Infinity Blade Review
Infinity Blade is the first iOS game to make use of the Unreal Engine, and although this review might have unfolded less positively under different circumstances, the mere spectacle of the app’s visuals is enough to warrant a purchase.
Luckily, Chair Entertainment, responsible for XBLA’s Shadow Complex, has also created an intriguing story and gameplay blend that works perfectly on your device of choice. In Infinity Blade, players will take control of a nameless hero who journeys to a foreboding castle. This castle is where the game takes place in its entirety, and the hero must take on a number of foes before facing off against the God-King. The catch is, whether the player dies at the hands of the God-King or somehow manages to defeat him, that’s the end of his story, and a couple decades later his son will venture to the very same castle and start the adventure all over again in an effort to avenge his father.
Each playthrough is called a “Bloodline”, and any experience, money, and loot found in previous bloodlines is carried over. As you become more powerful, so do the enemies you’ll face, gaining more hit points as well as resistances to elemental spells and sword attacks. The God-King himself gains 50 levels each time you beat him (no small task), so expect many heroes to fall to his blade over the course of play. If you sense your defeat is imminent, you can quit out and restart the app (by loading up two other games first) to start from the checkpoint directly before him.
Combat is handled quite adeptly on the iPhone: You can parry and attack with your sword by swiping the touch screen. Attacking is done in any direction you desire, though to unleashed powerful combos you’ll need to stick to a set pattern such as left, left, right, right, or left, right, left. Parrying requires that you swipe in the direction of the enemy’s oncoming attack, and can render them vulnerable for a follow-up combo. Blocking is done with the push of a button, as is your special attack which stuns the opponent for a 2-3 combos’ worth of time, though you’ll need to build up enough power before you can use it. Likewise, spells need to be built up first too, and depending on the ring you’re wearing can unleash elemental attacks such as fire or lightning, or heal and shield you. After you press the spell button, you’ll need to recreate the symbol of the spell you want to use on the screen, so it’s best to do it when the enemy is not about to bitch-slap you.
There is a persistent shop screen where you can purchase weapons, rings, and armor at any time. All your acquired items are stored in your inventory, and Infinity Blade uses a unique system called “Mastery” for all of your equipment. You gain experience after each battle, with bonuses for using spells or special attacks, not taking damage, and swiftly killing your foe, but in order to receive that experience and level up, you need to channel it through your weapons and armor. Each item has its own experience bar, and once its maxed out (or “mastered”), it no longer gains experience, which also reduces the amount you’ll be receiving.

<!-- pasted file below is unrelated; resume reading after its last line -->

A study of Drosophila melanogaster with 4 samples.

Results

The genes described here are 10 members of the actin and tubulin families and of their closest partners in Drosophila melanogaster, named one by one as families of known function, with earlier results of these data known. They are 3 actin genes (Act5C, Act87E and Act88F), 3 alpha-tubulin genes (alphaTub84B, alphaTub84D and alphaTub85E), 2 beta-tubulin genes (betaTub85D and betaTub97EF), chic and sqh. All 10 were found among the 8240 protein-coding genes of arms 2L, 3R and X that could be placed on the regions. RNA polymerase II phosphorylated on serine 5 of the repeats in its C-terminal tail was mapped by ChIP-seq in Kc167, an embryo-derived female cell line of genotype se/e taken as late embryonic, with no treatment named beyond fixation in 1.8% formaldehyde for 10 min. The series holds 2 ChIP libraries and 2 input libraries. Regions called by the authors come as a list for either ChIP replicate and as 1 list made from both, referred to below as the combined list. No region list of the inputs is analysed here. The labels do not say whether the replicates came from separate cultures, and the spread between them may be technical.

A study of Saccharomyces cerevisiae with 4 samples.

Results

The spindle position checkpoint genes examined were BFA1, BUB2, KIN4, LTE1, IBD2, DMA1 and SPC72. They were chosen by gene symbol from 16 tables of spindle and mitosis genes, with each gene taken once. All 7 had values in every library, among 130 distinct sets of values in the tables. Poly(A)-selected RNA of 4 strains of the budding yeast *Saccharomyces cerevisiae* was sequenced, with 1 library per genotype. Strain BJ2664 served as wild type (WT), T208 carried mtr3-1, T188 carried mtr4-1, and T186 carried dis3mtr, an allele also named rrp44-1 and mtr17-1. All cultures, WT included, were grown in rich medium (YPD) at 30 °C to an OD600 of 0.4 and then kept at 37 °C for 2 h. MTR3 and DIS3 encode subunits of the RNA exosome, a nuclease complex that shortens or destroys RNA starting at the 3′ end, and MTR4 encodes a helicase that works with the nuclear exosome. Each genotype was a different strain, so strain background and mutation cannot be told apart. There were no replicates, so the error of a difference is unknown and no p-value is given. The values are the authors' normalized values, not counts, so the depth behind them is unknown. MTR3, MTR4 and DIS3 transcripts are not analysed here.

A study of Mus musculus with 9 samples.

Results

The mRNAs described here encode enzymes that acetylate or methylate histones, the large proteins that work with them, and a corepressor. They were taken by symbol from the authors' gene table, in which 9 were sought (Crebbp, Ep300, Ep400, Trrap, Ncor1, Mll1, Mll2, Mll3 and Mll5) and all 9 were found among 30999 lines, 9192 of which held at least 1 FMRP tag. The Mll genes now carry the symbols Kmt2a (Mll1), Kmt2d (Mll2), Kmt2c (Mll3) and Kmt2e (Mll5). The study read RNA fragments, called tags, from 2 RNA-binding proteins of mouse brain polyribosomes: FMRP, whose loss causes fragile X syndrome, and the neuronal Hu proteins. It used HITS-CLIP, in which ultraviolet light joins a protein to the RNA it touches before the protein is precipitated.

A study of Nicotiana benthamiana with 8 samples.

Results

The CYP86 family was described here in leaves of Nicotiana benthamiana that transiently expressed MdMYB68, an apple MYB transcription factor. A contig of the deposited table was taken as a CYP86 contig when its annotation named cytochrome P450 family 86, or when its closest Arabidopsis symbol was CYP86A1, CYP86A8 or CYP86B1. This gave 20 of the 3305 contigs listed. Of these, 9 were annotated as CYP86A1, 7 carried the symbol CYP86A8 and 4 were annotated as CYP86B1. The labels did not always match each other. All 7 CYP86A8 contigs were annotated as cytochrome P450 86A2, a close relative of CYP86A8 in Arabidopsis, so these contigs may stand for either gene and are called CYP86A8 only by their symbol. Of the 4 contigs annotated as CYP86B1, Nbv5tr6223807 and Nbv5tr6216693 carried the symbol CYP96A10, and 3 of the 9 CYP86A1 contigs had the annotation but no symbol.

This system motivates--or more appropriately, forces--you to use as many different items as possible. Since you gain an extra skill point for each item you mastered, it makes sense to complete all the low level weapons first. Armor takes a bit longer to master, but even though this system is interesting, it’s also kind of annoying; you can have the most powerful weapon in the game, yet if it no longer grants you those valuable experience points needed to level up, it’s basically useless. Rings are particularly frustrating as you often have to give up your awesome, multi-spell ring for one you have no interest in using, all for the sake of XP. Still, the mastery system is a decent way to create replay value, but it’s not without its faults.
The castle is explored by touching where you want to go once, and then watching a short cutscene of the hero walking to it. Pretty much every five steps taken leads to another opponent, many of which tower above the hero but will fall all the same. Gold is often hidden off to the side of the screens and there are a few treasure chests (usually yielding more gold and rarely an item) here and there. There are a couple of alternate paths you can take throughout the castle as well, leading to an extra enemy and treasure of some kind, but considering how short each bloodline is, the castle does not have nearly enough variation.
Indeed, the primary complaint levied at Infinity Blade by the public is that it’s almost instantly repetitive. While running through the same castle over and over again can get redundant quickly (at least some sort of time of day/weather cycle would have mixed things up), the RPG elements and increasingly difficult opponents add plenty of depth; perhaps not enough to complete 40+ bloodlines, but as long as there are achievements to unlock and gear to master, I will keep playing. Chair has already released a free update with a new enemy and items, and more are planned for the near future.
Whether you’re playing on a Touch, iPhone, or iPad, Infinity Blade marks the unequivocal next generation of iOS games. I can see how some would describe it as a tech demo, but it’s a decidedly fleshed-out one that far surpasses its App Store competition and, most importantly, it’s just plain fun. We can undoubtedly expect much grander Unreal-powered games throughout 2011, but this is not at all a bad start.